Marjorie Narcisse and Shelly-Ann Richmond

University of New Hampshire, Manchester

Economics & International Affairs (Narcisse) | Sociology (Richmond)


2000

Mentor: Dr. Justus Ogembo, Assistant Professor of Anthropology & Education and Dr. Nina Glick Schiller, Associate Professor of Anthropology

The Role of Music in Contemporary Caribbean Societies as a Means of Resistance to Political and Social Injustices: a Case Study of Jamaica

From the late 18th century when rebellions became the norm and were viewed as the primary way to bring attention to the British government about the plight of recently freed slaves; Jamaicans have used music to express their feelings and deal with current issues that are imperative to their way of life. The purpose of this project is to explore the ways in which those who live in Jamaica have continued to use popular music as a means of communication; it is embedded in their history and continues to be part of their culture.

For the purpose of our research we defined resistance as the use of our lyrics or musical styles and rhythms within music which reject contemporary or popular trends on a social and political level. We considered resistance in any use of music that challenges the status quo in a continual basis by exposing social inequalities. This includes resisting exploitation, corruption and domination as it relates to politics, socio-economics, class/color and gender. In this research we wanted to see how music has influenced and continues to influence the ongoing battle-to-end colonial ideologies and the existing conditions of inequality, injustice, and exploitation that many people living in the Caribbean face. By connecting the two terms of music and resistance together it is easier to understand their coexistence and importance in the lives and cultures in Jamaica.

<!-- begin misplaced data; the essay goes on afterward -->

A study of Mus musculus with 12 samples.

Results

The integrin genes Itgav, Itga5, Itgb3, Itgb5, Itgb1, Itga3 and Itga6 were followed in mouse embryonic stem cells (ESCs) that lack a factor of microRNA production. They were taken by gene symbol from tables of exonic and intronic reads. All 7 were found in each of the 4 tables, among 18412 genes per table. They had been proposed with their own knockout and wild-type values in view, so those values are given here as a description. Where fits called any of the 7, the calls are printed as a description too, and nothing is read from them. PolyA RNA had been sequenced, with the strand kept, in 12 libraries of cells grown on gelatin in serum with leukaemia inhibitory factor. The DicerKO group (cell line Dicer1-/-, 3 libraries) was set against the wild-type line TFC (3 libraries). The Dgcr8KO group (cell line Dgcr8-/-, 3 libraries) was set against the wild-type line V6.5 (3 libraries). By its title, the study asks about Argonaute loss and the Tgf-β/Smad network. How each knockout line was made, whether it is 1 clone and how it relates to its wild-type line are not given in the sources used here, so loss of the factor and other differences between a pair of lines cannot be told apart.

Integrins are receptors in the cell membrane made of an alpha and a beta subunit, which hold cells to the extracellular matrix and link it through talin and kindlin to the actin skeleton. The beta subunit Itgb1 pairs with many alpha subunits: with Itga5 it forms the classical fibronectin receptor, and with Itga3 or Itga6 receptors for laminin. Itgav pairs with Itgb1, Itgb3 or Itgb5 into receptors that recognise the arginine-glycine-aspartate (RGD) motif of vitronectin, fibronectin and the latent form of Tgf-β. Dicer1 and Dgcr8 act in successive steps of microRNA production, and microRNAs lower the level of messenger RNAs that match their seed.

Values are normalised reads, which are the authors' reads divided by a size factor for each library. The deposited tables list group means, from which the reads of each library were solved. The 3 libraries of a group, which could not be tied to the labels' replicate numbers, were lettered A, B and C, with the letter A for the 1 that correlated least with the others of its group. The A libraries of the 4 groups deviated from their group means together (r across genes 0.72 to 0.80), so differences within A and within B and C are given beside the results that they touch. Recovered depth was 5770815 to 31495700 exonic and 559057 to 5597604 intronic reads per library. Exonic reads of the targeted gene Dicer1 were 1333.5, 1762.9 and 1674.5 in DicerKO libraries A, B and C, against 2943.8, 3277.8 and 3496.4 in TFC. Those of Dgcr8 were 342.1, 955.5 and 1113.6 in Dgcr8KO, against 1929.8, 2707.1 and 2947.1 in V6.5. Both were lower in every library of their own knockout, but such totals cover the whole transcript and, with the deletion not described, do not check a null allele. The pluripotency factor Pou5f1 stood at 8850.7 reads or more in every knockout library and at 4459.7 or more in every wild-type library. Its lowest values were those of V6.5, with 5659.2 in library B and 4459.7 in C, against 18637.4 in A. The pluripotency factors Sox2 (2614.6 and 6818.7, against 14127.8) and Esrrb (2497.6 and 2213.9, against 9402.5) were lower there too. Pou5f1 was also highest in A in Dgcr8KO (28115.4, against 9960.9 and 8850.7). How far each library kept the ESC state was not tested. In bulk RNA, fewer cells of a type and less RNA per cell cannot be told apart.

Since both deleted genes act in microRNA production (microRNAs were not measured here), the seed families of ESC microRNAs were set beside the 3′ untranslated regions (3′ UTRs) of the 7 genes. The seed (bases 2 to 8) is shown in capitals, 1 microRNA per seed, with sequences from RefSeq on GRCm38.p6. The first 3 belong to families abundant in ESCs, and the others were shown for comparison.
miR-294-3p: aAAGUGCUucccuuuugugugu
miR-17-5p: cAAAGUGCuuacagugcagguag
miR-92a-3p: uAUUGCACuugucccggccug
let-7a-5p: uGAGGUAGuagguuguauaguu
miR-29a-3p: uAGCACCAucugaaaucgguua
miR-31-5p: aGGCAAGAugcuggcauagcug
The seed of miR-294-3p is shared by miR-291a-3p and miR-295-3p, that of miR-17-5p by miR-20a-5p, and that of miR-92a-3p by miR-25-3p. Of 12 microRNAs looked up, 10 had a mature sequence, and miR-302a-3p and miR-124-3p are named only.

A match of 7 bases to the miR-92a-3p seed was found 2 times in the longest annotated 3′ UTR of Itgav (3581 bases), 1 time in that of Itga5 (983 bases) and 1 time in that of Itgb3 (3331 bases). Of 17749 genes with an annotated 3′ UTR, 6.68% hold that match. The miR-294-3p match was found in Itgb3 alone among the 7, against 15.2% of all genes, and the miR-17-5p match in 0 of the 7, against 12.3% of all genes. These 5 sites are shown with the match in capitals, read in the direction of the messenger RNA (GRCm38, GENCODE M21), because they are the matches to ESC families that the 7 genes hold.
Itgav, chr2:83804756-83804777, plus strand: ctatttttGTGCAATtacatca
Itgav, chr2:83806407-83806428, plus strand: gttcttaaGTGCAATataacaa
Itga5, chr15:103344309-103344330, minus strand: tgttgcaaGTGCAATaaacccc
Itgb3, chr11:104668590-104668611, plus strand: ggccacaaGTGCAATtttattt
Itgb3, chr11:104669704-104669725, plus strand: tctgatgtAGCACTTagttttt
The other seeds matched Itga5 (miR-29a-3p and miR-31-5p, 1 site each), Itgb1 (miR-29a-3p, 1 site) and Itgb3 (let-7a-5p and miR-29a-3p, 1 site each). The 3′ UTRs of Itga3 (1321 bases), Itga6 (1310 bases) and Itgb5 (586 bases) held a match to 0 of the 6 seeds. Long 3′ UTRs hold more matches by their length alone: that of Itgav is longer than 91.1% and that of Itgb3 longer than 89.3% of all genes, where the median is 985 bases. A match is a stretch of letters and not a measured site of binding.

By traveling to Jamaica we participated and observed the everyday roles that music plays in this society. Through the use of questionnaires and interviews we explored the significant impact that music has on the development of a country and the evolution of a culture. It is a way for us to show the many different ways in which Jamaicans embrace their music beyond the commercialized images that are offered to the masses.